Basically, the square box is you, a warrior. Your job is to find a stolen chalice and return it to the yellow castle where you start from. You need to cross multiple screens and find several objects to help you, such as a magnet, a bridge, a sword, and several keys which will unlock several castles. However, you can carry only one item at a time, and there's an annoying bat that flies around and can steal the item you're carrying. In addition, there are three ducks -- errr, dragons -- that will try to eat you, and they can chase you across the screens, so be on the lookout and find the sword. There are three variations of the game. The first is the easiest; it has only two dragons, no bat, only one maze, and two castles. Good luck with the other two games.
The graphics are completely lacking in pizazz as mentioned before). You'll just have to convince yourself that the square box is you, and the duck-like figures are menacing dragons. However, the chalice is programmed with rolling colors, which is nice. Likewise the sound consists mainly of blips and beeps with no in-game music to speak of. The most interesting part of the game takes place in the corridors. They don't seem to have been designed correctly, because you always seem to wrap around when you leave the screen.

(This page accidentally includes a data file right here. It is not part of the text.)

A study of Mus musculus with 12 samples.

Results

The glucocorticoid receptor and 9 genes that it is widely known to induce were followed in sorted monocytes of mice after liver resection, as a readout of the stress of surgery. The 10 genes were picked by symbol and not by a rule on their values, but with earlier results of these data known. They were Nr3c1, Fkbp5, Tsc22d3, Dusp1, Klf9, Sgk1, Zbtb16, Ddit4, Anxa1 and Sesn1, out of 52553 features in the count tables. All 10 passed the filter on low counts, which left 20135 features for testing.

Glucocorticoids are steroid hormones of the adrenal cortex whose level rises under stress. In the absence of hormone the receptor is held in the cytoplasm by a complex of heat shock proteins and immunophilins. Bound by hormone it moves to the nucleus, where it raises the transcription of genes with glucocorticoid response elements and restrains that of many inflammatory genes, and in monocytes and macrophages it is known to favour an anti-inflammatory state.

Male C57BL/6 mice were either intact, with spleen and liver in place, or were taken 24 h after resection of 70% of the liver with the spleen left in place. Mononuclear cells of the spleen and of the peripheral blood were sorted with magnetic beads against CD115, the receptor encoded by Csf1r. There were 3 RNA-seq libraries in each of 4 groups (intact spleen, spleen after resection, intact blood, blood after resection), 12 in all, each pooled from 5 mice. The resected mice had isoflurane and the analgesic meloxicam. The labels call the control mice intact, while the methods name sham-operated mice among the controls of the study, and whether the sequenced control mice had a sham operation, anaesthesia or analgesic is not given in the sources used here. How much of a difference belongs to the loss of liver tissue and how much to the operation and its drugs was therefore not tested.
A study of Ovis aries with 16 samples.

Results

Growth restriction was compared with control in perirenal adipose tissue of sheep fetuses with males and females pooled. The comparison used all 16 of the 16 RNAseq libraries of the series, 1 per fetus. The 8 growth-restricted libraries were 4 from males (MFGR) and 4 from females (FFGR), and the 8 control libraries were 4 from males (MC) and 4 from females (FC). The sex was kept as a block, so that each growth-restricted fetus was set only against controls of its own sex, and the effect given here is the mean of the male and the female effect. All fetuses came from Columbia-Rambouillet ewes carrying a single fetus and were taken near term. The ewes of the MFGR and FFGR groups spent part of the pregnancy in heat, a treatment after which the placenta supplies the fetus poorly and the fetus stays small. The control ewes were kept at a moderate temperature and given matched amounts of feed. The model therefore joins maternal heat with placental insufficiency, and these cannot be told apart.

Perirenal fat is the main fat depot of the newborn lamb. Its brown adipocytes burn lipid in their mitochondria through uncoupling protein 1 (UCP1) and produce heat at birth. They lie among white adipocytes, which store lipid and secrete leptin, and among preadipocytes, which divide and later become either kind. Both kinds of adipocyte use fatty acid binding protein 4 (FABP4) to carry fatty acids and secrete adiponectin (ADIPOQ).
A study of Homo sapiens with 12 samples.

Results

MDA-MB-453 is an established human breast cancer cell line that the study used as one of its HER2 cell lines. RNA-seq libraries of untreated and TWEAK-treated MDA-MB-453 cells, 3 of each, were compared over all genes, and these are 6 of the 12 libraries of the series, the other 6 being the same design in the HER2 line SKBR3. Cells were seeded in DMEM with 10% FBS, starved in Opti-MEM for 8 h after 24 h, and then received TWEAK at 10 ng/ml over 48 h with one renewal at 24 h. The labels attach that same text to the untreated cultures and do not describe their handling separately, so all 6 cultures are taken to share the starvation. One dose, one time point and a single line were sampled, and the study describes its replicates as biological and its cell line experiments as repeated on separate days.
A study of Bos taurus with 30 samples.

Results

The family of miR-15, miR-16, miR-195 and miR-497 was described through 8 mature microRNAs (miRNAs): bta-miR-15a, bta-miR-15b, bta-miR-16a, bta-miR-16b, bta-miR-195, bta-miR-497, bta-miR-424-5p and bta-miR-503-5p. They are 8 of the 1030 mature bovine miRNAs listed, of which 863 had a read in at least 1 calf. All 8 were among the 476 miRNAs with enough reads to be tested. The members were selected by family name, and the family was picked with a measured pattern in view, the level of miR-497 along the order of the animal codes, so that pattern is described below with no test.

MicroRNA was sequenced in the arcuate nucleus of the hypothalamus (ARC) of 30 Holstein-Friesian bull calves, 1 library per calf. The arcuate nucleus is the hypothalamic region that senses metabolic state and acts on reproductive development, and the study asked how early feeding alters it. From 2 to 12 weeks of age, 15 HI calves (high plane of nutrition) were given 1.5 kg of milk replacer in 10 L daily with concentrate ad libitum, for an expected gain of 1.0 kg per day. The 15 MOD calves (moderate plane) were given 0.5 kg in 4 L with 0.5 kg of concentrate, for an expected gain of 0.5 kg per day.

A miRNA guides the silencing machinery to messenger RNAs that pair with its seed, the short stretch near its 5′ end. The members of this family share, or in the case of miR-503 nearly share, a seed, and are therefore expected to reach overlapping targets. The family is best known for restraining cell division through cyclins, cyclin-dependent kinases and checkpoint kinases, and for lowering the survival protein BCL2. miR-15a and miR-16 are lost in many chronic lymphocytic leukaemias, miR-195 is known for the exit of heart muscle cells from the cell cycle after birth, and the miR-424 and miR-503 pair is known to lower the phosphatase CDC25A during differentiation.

This game has historical importance (aside from being the first console 'quest' game). Atari wouldn't let give its designers credit for their games, so Robinett decided to hide his name in Adventure. To find it, you have to find an invisible dot and carry it to the room where you started. (If you need help, the main part of this website has a handy dandy map for you to use.)
The game may not look like much, but don't let that stop you from picking up the joystick and slaying those dragons. Adventure is very enjoyable for gaming adventurers, even if you're not into history.